HMRC to publish advisory fuel rate for 100% electric cars

HMRC will introduce an advisory fuel rate (AFR) for pure electric cars from September 1 at 4 pence per mile (ppl).

It is a partial victory for fleet representative body ACFO, which has been campaigning for AFRs for both pure electric cars and plug-in hybrids.

The new rate, called the Advisory Electricity Rate (AER), has been set at 4p per mile and will be published alongside AFRs for petrol, diesel and LPG (liquefied petroleum gas) cars based on engine size.

Plug-in hybrid and hybrid cars will continue to be treated as either petrol or diesel models for mileage reimbursement purposes.

AFRs apply where employers reimburse employees for business travel in their company cars, or require employees to repay the cost of fuel used for private travel. They are deemed to be tax and National Insurance-free. AFRs are reviewed quarterly and similarly, the new AER will be kept under review.

In notifying ACFO of the introduction of the new rate, HMRC said:

“HMRC will accept that if employers pay up to the Advisory Electricity Rate of 4p per mile when reimbursing their employees for business travel in a fully electric company car there is no profit – there will be no taxable profit and no Class 1 National Insurance to pay.

“On a similar basis to Advisory Fuel Rates, employers can use their own rate which better reflects their circumstances if, for example, their cars are more efficient, or if the cost of business travel is higher than the guideline rate.

“However, if they pay a rate that is higher than the Advisory Fuel Rate and can’t demonstrate the electricity cost per mile is higher, they will have to treat any excess as taxable profit and as earnings for Class 1 National Insurance purposes.”

For many years, ACFO has been calling on HMRC to publish official tax-free company car AFRs for plug-in vehicles. It has been ACFO’s belief that the absence of defined mileage reimbursement rates was a handicap to some organisations including plug-in vehicles on their choice lists.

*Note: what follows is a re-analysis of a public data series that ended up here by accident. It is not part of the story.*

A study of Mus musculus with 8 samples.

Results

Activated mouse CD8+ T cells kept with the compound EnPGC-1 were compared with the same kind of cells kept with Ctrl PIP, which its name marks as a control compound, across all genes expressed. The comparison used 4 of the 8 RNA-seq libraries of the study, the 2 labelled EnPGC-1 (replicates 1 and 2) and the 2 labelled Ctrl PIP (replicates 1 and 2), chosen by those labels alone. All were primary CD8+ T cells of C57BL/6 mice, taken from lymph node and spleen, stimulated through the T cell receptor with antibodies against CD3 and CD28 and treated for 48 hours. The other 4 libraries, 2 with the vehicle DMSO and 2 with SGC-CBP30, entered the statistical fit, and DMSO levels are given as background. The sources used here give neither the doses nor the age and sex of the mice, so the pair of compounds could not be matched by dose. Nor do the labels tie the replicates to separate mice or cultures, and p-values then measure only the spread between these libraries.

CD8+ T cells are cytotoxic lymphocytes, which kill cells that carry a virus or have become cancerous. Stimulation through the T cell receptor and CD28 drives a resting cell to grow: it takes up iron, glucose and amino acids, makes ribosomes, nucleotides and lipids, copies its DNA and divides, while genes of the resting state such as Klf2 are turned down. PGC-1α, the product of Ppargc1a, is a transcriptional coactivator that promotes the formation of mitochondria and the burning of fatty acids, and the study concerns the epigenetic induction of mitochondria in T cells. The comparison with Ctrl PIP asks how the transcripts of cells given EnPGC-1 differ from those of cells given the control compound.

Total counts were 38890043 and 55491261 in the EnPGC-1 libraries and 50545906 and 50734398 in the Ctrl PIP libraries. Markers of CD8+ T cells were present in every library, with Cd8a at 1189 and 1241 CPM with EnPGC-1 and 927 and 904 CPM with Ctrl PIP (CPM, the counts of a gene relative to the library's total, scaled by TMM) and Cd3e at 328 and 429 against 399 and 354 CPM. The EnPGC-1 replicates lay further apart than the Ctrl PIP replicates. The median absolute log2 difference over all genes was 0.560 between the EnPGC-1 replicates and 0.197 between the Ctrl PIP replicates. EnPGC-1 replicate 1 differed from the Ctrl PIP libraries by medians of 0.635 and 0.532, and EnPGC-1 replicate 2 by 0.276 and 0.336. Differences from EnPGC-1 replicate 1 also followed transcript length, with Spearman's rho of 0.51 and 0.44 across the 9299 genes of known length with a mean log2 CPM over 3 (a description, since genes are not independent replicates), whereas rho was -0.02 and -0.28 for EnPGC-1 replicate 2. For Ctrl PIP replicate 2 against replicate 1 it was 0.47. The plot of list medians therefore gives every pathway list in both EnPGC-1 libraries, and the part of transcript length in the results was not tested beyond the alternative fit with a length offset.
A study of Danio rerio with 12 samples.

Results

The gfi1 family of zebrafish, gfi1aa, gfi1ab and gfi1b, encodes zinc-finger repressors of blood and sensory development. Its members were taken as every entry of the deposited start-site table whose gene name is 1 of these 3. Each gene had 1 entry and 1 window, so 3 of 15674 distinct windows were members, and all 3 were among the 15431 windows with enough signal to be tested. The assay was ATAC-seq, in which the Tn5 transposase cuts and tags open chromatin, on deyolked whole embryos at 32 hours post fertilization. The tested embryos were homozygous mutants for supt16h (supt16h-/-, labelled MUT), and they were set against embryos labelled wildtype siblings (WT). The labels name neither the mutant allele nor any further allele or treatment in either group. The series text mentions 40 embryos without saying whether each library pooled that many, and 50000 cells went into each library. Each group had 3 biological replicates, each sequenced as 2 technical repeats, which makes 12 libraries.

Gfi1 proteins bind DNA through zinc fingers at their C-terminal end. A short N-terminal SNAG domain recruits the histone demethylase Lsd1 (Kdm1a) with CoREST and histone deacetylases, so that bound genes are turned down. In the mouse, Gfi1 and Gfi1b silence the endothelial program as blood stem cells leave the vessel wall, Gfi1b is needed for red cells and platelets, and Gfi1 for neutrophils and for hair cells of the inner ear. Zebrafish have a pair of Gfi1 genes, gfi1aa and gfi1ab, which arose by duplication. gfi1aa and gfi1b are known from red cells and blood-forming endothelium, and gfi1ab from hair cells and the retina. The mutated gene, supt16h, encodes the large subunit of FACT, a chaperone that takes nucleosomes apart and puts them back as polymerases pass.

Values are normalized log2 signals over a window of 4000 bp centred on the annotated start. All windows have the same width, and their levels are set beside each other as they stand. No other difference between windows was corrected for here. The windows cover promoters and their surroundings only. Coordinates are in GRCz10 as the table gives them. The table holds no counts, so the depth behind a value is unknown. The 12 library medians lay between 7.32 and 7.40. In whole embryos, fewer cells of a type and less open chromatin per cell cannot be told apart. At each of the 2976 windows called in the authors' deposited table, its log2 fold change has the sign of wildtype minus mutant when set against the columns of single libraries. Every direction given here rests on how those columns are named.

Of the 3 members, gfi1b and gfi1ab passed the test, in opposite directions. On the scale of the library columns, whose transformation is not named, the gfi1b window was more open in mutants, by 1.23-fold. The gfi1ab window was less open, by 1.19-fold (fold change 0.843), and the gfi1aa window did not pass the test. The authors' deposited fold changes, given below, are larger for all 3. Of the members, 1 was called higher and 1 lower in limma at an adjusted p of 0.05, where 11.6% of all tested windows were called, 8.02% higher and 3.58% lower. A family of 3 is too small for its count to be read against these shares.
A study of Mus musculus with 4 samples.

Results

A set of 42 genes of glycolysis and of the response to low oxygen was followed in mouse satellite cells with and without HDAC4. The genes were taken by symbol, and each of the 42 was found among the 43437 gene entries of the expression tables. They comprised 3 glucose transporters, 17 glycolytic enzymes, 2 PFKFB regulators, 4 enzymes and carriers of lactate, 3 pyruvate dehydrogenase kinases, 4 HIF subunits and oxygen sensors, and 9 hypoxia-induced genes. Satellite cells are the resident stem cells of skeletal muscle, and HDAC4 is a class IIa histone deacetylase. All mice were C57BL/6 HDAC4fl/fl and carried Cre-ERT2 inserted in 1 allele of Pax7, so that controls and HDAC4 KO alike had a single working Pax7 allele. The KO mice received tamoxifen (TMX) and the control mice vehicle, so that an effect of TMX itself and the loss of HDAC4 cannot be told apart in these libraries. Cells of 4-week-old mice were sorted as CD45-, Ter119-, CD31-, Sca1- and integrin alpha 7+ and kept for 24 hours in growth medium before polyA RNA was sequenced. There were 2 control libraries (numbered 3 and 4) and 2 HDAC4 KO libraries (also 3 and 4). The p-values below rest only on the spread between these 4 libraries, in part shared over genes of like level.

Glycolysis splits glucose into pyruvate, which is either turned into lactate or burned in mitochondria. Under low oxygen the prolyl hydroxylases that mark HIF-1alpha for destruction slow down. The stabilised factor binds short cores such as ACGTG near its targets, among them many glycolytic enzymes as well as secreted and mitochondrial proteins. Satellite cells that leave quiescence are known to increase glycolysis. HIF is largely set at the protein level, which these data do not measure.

Read more: Fleet News

Comments (5)

  1. Eddie


    WOW! 4ppm that is far too little, most pure EVs do 3 or 4 miles per KWH, so at 4ppm it does not even cover the money to charge the vehicle which are typicually in the 15p+ per KWH region and thi sis not even taking into account insurance, seprecation and servicing costs.

    What are you thinking?

  2. Eddie


    Typos fixed plus additions:

    WOW! 4ppm that is far too little, most pure EVs do 3 or 4 miles per Kwh, so at 4ppm it does not even cover the price to charge the vehicle which are typically in the 15p+ per Kwh region if charging at home and much more on public infratructure and this is not even taking into account insurance, deprecation and servicing costs.

    What are HMRC thinking?

  3. TimH


    I think you or I have misunderstood the post. It seems to me this is about company cars, not reimbursing use of your own car by your company. I did first read it as you did, as the approved mileage rate for expenses, but don’t think that’s the case. It would be interesting to know what we can charge as an expenses rate for using our own cars for business, maybe Trevor can advise?

    • Eddie


      Hi Tim,
      I get a car allowance and therefor get a reduced rate for mileage, fortunately I don’t do many business miles anymore and have yet to claim for any against my EV. Based on the Kwh charge for electricity at home I will be out of pocket to the tune of 10p per Kwh and if I had to purchase power on the go say at an Ecotricity motorway station I would be even further out of pocket as they charge 30p per Kwh.

    • Trevor Larkum


      Reply – yes this is just for company cars. You can continue to claim up to the same limit as petrol cars (45p/mile IIRC) for your own car from your employer. If they don’t pay that much you can claim the difference back from HMRC.